It’s the end of the first week of October – and we live in the post Dhoni: The Untold Story era. The hagiographical saga has been consumed by India in earnest, partly demonstrating their weakness for nostalgia and complete dementia as far as his current form/status is concerned. In the meantime, sports around the world reached its most exciting crescendo since, well, the Olympics.
Let’s take a look at what I really mean:
RYDER CUP (Golf)
USA v/s Europe – the most traditional golfing contest in the world, once every two years. The Americans, despite consistently producing some of the finest players in the game, even all through Tiger Wood’s dominant years, had won only one Ryder Cup since 1999. The Europeans had swept six of the last seven, including the famous 2013 Miracle at Medinah. This year, though, was a different animal right from the first of three days. The Americans were already ahead by three points after two days and the foursomes and fourballs – and the last day had the one-on-one singles matches in store.
Europe had come back from a bigger deficit back in 2013. But this time, the Americans held firm. Rory Mcllroy was beaten by the gritty Texan Patrick Reed in perhaps the match of the tournament, bolstering further confidence in the Davis Love III-led contingent.
23 of the 28 ties were undecided as they went down to the 16th green, which means that the final scoreline of 17-11 was a bit flattering to USA. At one point, after Mcllroy’s loss, the score still read 10.5-9.5 – with the Americans leading in most of the other singles’ matches. All’s well that ended well however for Team USA – who rode the support of a highly volatile (and unnecessarily abusive) crowd at the Hazeltine National Club in Minnesota. Tiger Woods, the player we once knew, was vice captain (non-playing) of the winning team, and wasn’t allowed to participate in the team photograph later on.
Some stunning things happened in cricket this week. The not-so-stunning part was India winning the second Test in Kolkata and regaining the No. 1 Test ranking. This was expected, especially during their long home season, but many will take heart from the way they fought when they were tested. Many will also take heart that Shikhar Dhawan is injured and won’t open the innings in the next Test match at Indore. Many will take more heart from the fact that Rohit Sharma played a decisive innings of 82 to help India out of a sticky situation on a tough pitch.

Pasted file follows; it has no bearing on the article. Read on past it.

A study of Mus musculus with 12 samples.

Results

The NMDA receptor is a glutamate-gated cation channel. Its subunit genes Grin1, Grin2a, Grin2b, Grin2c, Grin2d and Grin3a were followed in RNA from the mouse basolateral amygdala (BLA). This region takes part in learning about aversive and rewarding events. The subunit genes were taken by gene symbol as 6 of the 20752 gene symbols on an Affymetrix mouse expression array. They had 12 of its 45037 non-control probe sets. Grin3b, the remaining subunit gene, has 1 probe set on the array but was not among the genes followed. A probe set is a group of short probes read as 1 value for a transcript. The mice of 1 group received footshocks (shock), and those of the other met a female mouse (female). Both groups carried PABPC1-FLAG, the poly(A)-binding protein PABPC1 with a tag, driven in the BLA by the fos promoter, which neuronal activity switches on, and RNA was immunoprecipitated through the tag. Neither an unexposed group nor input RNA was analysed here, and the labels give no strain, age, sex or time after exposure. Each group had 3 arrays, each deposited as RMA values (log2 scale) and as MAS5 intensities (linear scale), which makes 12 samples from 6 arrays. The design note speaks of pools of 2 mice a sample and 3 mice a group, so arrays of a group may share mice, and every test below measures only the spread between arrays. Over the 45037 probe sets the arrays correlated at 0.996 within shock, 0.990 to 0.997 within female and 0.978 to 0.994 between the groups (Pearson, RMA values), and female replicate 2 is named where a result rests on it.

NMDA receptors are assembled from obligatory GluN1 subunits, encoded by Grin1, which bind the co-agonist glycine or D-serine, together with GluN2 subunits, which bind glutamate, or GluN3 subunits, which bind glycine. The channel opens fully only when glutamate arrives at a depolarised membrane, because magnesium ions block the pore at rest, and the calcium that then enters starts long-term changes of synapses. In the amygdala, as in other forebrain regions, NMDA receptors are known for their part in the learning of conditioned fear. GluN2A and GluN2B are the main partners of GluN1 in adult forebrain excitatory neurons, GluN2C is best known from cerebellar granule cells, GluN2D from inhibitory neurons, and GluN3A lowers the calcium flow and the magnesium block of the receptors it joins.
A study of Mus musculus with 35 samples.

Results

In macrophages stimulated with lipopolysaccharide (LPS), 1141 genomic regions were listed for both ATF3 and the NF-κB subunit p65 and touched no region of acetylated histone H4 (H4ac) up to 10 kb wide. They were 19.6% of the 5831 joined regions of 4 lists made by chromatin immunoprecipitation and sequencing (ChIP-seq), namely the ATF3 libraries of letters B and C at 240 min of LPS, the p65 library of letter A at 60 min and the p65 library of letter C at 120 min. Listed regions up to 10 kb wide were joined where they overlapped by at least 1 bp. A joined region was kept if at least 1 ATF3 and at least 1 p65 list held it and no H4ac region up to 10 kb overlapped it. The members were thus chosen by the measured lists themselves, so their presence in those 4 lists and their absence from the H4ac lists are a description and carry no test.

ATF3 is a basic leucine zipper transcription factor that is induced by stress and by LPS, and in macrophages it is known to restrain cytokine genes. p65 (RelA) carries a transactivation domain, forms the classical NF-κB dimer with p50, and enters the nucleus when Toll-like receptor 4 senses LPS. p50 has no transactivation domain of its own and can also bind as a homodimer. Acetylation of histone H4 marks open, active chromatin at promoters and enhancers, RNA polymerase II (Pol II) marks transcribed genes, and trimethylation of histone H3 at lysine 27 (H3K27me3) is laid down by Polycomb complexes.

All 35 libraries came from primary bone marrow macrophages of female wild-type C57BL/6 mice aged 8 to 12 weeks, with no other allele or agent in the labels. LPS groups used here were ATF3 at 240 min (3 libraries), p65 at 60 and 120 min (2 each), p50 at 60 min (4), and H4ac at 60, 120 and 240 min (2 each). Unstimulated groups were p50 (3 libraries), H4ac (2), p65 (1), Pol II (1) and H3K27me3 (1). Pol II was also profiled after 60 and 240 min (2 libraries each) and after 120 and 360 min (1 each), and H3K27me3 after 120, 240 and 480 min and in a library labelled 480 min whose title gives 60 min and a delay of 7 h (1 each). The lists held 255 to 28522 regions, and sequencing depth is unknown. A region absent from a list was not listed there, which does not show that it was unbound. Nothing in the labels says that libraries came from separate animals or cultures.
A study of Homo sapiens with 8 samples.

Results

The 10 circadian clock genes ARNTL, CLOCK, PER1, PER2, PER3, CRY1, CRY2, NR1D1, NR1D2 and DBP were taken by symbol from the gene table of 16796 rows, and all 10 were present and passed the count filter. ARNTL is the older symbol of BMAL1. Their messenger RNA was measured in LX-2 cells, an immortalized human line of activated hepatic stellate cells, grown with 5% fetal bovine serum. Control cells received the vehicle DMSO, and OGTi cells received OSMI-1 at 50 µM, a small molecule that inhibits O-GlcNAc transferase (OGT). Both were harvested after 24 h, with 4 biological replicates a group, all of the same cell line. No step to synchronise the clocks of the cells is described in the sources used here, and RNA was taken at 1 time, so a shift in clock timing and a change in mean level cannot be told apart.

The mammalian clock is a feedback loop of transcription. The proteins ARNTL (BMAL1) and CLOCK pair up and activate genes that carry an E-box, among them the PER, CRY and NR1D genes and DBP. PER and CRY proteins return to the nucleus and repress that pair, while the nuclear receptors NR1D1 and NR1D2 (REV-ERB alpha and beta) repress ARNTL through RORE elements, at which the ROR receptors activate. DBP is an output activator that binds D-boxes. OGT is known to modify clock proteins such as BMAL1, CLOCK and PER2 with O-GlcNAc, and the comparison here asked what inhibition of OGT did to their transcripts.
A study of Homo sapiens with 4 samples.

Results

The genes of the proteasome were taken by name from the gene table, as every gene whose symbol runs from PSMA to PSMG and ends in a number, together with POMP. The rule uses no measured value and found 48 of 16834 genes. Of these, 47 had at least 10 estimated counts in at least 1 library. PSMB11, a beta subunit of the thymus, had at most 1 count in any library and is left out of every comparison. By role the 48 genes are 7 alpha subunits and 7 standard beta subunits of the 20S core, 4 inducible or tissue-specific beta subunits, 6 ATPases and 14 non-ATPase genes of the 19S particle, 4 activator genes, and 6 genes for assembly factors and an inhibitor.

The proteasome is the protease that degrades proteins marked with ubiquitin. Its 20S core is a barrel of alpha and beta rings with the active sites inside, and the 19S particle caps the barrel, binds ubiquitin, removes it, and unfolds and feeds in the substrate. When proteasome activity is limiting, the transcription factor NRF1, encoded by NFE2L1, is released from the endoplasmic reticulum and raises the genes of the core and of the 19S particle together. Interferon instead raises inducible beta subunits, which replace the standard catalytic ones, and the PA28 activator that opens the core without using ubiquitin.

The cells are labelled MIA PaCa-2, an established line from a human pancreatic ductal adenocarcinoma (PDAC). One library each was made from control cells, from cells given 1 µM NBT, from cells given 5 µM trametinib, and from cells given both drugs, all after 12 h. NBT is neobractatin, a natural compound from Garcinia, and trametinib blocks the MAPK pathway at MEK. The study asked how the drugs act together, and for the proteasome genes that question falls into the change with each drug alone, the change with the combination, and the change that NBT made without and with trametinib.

The ODI squad for the 5-match series was selected. Suresh Raina makes a comeback, while the spin twins of R. Ashwin and R. Jadeja have been rested in order to recuperate for a tough Test series against England – revenge for 2012.
The stunning part: By Wednesday night, Australia became the recipient of an embarrassing record in ODI cricket. The top four highest ODI chases, and eight out of the top 10, are now against the Australians. South Africa, on the back of a rare stunning David Miller-blitz, chased down 372 at Durban. This is only second to their miraculous chase of 434 against a Ponting-led Australia back in 2006 in the deciding match of the series. With this win, too, South Africa sealed the series 3-0 with two to go, against a World Champion team sorely missing the services of Mitchell Starc.
Lewis Hamilton saw his championship hopes go up in flames after suffering another engine failure while leading the race – while his competitor and teammate Nico Rosberg finished third to extend his lead to 23 points with five races to go. It’s not much, but enough to send pessimism and negativity down the spines of the Hamilton camp, who’re questioning why only his engines fail on a regular basis in the entire Mercedes garage. Either way, it’ll be nice to see Nico Rosberg in front at the back end of the season for a change. A new champion is always good for the sport, more so if it’s a (German) driver who should have been the next Sebastian Vettel or…Lewis Hamilton.
It has been nine years since the last international Kabaddi World Cup. Not many know that India is the world’s absolute best in this one sport, and has dominated the last two World Cups – both on home soil in 2004 and 2007. They’ve beaten the second best both times, Iran, in the final, and are again expected to run away with this tournament against the same team in the final. The success of the Pro Kabaddi League has ensured this time that the Cup is getting enough coverage – what with the best players of each franchise representing the country under coach Balwant Singh.
12 teams will participate this time – from October 8th to October 22nd. The venue will be Ahmedabad at the new TransStadia stadium. India’s group has South Korea, Australia, England, Bangladesh (strong) and Argentina. While the other group has Iran, Kenya, Thailand, Japan, USA and Poland. The 7-time Asian Games gold medalists will not be happy with anything but an outright dominant performance, given their domestic pedigree.